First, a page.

To the lighthouse? Pointing out new directions at bookshop reading
Before the bookshop reading I spoke to another early arrival, a man who had only recently retired. Since retiring he had discovered writing, and now rarely thought of anything else. He had come, he said, to watch and hear and learn how to deliver words.
Blackwell’s bookshop in Newcastle is in the heart of the university. The shelves are generously packed with poetry. The event was titled Salt Poets in the North – three poets published by Salt, Michael Brown, Alexandra Corrin-Tachibana, and Ken Evans – plus a guest poet, Kitty Martin.
Michael Brown is a creative writing research student at Newcastle University, and winner of the university’s 2023 Chancellor’s Poetry Prize. (The chancellor is famed poet Imtiaz Dharker, and Brown had to leave this event early to attend the award ceremony). His Salt collection is titled Where Grown Men Go, and one of its themes is fatherhood. One poem, ‘Device’ from the collection is about a daughter leaving home to spend a year abroad in Russia:
these days for grown men to cry
at photographs, old toys, what’s left behind.
Another, ‘New Look’, charts a bad day going to the shopping centre with his wife and two daughters, when they were younger:
Sometimes we might lose them,
acred in the minutes outside fitting rooms.
Hardly we are fathers now.
Men! Don’t waste those idle minutes spent waiting outside fitting rooms. Write a poem about it!
Alexandra Corrin-Tachibana has written about her 10 years in Japan, two international marriages, a homecoming, and the struggles of cross-cultural relationships in Sing Me Down From The Dark. It’s ‘confessional’ poetry that does not hold back. She is a humanities lecturer at Newcastle University, and has a MA in poetry from the same university. Humour in references to “Belgian chocolate willies” and titles like ‘Julie Andrews’ Honesty’ reflect a devil-may-care and refreshing poetic attitude. She has endured tough situations but has fashioned unexpected and interesting material from it, and come up smiling.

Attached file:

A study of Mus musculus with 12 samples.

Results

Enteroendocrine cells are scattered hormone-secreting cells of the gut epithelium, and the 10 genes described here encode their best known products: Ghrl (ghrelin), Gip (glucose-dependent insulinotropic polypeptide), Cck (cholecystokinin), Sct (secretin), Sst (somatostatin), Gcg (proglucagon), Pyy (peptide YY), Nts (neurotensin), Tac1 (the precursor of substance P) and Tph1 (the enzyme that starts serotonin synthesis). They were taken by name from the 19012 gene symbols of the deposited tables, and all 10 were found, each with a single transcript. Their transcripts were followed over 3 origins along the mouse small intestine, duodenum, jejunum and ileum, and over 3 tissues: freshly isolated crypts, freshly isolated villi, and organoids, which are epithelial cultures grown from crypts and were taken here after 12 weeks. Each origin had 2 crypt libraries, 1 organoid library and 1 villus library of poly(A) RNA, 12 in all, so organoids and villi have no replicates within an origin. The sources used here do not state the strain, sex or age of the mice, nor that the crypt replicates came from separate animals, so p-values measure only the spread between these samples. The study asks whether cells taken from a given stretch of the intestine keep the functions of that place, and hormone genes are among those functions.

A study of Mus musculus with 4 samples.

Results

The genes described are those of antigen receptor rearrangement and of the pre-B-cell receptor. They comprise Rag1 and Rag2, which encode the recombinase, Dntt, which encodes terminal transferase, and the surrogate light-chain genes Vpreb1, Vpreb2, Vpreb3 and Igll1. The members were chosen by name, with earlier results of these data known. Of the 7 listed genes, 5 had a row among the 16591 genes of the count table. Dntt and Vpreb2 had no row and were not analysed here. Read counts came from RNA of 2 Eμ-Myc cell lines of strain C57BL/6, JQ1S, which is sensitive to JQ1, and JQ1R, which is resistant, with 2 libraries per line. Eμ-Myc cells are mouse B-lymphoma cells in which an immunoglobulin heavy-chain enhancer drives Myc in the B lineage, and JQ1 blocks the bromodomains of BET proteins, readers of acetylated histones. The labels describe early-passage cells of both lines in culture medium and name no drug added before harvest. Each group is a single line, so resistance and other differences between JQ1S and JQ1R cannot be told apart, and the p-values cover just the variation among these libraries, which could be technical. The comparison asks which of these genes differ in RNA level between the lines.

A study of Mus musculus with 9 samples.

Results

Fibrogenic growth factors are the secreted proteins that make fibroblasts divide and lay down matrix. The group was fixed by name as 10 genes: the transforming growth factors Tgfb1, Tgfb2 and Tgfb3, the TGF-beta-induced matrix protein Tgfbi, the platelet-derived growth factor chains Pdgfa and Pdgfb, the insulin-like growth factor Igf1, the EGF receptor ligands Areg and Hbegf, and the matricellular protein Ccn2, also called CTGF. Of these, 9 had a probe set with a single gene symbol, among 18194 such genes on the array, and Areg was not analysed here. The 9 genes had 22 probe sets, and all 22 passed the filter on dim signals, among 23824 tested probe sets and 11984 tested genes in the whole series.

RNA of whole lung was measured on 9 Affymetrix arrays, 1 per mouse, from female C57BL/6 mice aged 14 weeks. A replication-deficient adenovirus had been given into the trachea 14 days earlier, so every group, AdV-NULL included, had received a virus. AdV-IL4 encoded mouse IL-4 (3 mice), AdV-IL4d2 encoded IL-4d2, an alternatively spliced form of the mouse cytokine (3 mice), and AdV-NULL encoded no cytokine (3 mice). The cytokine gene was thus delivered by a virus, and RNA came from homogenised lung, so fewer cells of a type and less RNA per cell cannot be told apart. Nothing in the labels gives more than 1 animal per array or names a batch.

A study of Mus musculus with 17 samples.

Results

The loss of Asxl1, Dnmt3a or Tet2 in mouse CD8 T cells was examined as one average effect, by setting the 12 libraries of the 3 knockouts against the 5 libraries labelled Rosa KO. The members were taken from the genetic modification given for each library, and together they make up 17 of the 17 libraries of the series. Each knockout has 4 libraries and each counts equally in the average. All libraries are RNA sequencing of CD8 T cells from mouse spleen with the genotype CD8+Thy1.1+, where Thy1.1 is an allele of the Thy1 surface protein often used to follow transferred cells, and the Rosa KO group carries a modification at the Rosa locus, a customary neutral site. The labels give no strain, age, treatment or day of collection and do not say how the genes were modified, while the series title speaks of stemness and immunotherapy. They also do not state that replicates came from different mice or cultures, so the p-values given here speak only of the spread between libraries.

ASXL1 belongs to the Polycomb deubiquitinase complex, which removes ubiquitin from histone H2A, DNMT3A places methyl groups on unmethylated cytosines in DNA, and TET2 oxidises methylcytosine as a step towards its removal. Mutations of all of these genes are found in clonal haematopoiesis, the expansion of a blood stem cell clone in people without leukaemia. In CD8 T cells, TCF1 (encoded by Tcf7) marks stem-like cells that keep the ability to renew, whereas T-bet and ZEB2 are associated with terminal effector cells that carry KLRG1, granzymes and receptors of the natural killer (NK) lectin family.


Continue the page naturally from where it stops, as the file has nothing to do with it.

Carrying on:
Ken Evans is another poet that does not hold back. ‘Mother, You Make Therapy a Brick Wall at Times’ reflects on a woman who stashed a tea towel her grandchildren made for her at school away in a bottom drawer, unused, unwrapped. The title poem of his second collection, To an Occupier Burning Holes, visualises a dictatorial regime that bizarrely orders everyone to relinquish their middle names. He introduced ‘Grendel at the Mayan Bikers Club’ as the result of “too many box sets during lockdown”. It’s a poem that references Thom Gunn, and is an example of his darting observation and imagination.
Guest poet Kitty Martin is also a Newcastle Chancellor’s poetry prize winner. She is an actor as well, which helps to explain the drama in her poems, as well as her expert delivery of them. ‘Pass’ forms part of a poetry sound installation about migration and resettlement, arising from the oral history collection at Manchester Jewish Museum: “Don’t speak of the trauma … don’t speak in the mother tongue … a disconnected third generation … a few words accepted into the English language.”
She then played a recording of her grandmother’s voice, telling how some of her family left Ukraine to avoid having to serve in the Soviet second world war army, while others stayed behind. Six brothers went out all over the world. There were also lockdown poems, one written in the style of the shipping forecast, and another about poetry prompts at three in the morning, that invoked Simon Armitage and Brian Eno.
At the end of the reading I thought of the man I had met before it began. He was off the next day to St Mary’s lighthouse at Whitley Bay, for research, to find inspiration. I remembered the fire in his eyes, the new purpose he had found in his life. I’m sure these four poets at Blackwell’s had given him plenty to think about.